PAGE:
Just as vehicles often hit animals on busy roadways, vessels on our busy waterways often strike marine mammals. Depending on the speed or size of the vessel, animals can be injured or killed. These collisions may go unreported or, often, unnoticed by ship crews. In some cases, particularly in cases of collisions with whales, vessels may also sustain significant damage.
Many of the busiest ports in the country aren’t far from protected areas home to endangered and threatened species. Collisions with these creatures are particularly devastating because they cut numbers of already dwindling species.
For example, more than 25 species of whales live in or visit the Channel Islands National Marine Sanctuary (CINMS), including endangered blue whales. The sanctuary also falls along routes for vessels traveling to the port of Los Angeles and Long Beach. More than 3,000 vessels travel through the area every year.
To protect the blue whales and other species in the sanctuary, vessels can slow down or take a different route to avoid collisions. But do these changes cost shippers money? Not necessarily.
NOAA researchers studied the impact of slower vessel speeds and different travel routes in and around CINMS on shippers’ bottom line. Economists found that shippers could actually save money by both reducing their speed and changing their route around the sanctuary. That’s because reducing speed is more fuel-efficient, while changing shipping routes makes travel time shorter.
Slowing down also decreases emissions, leading to better air quality, and makes ships quieter. Noisy ships can disturb marine mammals, causing them to change their behavior in ways that may be detrimental to their survival.
Trash in our ocean and on our beaches is bad for marine animals. They can get tangled in it or eat it and become sick or starve. Trash on the beach is also bad for tourism. While it may seem obvious that people prefer a beach that is not littered with debris, what is less obvious is how much a clean beach is worth in terms of tourism and recreation dollars.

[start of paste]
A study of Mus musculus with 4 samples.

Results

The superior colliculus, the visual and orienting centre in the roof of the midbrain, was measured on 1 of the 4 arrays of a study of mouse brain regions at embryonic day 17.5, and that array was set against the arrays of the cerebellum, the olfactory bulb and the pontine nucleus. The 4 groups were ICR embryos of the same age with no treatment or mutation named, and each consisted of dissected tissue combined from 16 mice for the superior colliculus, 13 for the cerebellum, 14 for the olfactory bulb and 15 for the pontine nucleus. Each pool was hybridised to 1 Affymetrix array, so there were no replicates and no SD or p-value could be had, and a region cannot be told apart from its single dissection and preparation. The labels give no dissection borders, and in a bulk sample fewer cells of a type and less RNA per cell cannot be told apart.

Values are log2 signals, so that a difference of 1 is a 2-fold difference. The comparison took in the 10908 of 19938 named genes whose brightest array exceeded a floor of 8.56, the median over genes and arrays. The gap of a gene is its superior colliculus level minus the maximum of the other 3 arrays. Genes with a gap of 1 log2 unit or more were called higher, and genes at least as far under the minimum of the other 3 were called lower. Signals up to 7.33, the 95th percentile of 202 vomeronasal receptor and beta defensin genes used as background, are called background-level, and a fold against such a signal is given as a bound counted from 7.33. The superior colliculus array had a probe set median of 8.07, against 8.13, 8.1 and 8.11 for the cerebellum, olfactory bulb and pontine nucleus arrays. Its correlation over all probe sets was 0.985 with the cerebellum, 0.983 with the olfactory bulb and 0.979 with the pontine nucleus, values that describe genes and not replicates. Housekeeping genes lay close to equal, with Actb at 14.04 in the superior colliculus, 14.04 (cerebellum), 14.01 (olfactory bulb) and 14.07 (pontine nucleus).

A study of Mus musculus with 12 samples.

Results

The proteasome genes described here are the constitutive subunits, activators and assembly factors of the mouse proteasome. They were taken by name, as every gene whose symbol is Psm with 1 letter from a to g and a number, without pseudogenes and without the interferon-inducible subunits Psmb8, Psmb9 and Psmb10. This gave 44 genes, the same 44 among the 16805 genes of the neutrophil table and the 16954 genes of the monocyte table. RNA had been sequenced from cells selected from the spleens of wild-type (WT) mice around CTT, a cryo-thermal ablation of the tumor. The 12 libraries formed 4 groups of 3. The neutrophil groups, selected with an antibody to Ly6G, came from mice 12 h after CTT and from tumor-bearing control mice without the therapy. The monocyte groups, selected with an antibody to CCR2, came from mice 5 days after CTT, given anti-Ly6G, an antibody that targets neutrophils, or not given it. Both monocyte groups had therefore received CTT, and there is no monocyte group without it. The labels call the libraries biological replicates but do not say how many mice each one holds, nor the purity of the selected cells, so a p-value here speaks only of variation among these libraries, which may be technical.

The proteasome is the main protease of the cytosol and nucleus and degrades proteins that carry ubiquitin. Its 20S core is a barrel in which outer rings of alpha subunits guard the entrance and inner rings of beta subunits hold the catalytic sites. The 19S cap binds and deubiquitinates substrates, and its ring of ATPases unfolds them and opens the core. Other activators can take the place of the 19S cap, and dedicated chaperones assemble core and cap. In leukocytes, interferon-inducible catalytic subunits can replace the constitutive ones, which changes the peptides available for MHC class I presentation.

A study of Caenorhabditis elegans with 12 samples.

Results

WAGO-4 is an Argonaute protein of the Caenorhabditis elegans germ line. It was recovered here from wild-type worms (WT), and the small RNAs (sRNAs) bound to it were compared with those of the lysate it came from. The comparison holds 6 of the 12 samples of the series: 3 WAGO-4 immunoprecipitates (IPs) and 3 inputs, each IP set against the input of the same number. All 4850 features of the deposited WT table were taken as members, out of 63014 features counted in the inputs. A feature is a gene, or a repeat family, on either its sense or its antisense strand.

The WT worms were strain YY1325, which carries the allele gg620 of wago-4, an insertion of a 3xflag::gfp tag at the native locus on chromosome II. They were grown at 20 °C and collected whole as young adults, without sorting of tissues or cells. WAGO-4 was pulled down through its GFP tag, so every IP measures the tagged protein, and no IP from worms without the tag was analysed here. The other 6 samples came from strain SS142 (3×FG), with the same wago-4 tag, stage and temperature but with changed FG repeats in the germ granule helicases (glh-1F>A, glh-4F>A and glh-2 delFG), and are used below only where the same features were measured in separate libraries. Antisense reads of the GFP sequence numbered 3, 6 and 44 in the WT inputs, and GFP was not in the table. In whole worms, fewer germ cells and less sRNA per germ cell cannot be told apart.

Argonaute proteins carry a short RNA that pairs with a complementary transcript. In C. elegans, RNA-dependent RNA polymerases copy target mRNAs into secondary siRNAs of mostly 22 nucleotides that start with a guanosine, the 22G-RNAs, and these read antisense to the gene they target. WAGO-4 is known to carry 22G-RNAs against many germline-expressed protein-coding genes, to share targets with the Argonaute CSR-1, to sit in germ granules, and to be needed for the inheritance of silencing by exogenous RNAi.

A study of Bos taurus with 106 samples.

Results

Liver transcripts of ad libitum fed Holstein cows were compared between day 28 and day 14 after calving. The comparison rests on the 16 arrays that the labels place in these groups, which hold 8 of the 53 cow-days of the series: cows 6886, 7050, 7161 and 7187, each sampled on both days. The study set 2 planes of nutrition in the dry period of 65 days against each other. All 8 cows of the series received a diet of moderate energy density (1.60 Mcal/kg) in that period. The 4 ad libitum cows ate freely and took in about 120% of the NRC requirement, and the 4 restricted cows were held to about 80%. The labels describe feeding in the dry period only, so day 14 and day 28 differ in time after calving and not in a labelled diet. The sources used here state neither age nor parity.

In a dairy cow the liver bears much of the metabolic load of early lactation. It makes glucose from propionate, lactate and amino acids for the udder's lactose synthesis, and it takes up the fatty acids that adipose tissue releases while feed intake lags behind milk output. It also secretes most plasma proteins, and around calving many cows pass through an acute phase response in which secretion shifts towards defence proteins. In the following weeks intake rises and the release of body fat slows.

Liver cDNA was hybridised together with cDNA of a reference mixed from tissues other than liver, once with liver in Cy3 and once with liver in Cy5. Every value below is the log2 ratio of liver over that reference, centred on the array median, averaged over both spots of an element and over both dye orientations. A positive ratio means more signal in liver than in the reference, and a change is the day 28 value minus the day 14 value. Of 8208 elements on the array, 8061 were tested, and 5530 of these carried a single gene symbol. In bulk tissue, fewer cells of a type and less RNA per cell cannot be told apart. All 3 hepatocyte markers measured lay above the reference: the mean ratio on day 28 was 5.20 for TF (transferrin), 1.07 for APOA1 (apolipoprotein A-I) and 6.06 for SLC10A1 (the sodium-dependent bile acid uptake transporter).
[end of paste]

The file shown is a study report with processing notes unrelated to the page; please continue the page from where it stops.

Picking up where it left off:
A 2014 economic study put a price tag on exactly how much Orange County, California, residents could save by cleaning up the beach. Cleaning up just a quarter of the trash on beaches in Orange County could save residents roughly $32 million during the summer by not having to travel long distances to other beaches. Eliminating all the trash could mean $148 million extra in the pockets of Orange County residents.
Coastal ecosystems face threats from a source that might surprise you: too many nutrients. What’s waste to humans is food to plankton that live in the ocean. Nutrients come in the form of wastewater, runoff from farm fields and lawns, and airborne nutrients from burning coal and gasoline. When they get into coastal waters, these nutrients feed tiny plants that can, if they grow to excessive amounts, use up much of the oxygen in the water when they die, fall to the bottom and rot. Low oxygen levels in the water can in turn kill or injure other animals in the ecosystem, such as fish or shellfish. This process is called eutrophication, and it’s a big problem that can lead to massive “dead zones” along the coast where ocean life can’t thrive because the water lacks oxygen.
One way to try and cut down on the amount of nutrients in coastal waters, and prevent the cascade of ecosystem damage that results, is both environmentally and economically friendly: growing shellfish (e.g. oysters, clams, mussels) for seafood and restoring oyster reefs.
A study by NOAA researchers showed that, in the Potomac River estuary, all the extra nitrogen from wastewater, urban and agricultural runoff, or the atmosphere could be removed if 40 percent of the river bottom were used to farm shellfish, or with a combination of farming shellfish and restoring oyster reefs. That’s because shellfish are filter feeders, sucking up nutrients and spitting out clean water.
The bottom line is that more oyster reefs and shellfish beds along our coasts not only aid the environment, but also provide us with economic and health benefits — and deliver additional sources of delicious seafood.
Of course, oysters and clams are only a small piece of a much larger puzzle. We need to consider the complex ecosystems of which shellfish and other marine life are just parts. Thriving coastal and ocean ecosystems are closely tied to our economy, health, and even our safety.
Consider the many services provided by just two types of ecosystems: coral reefs and wetlands. Coral reefs provide coastal protection, habitat for fisheries, and sources of pharmaceuticals. Wetlands also provide coastal protection and habitat for fisheries as well as water filtering and carbon sequestration. While spending money to protect and restore these ecosystems costs money up front, one NOAA study in the Gulf of Mexico found that these efforts can save $7 for every dollar spent.
From the very large to the very small — protecting coastal ecosystems to cleaning up trash on a beach — these examples show how many solutions to our ocean and coastal problems are often also good for our economy.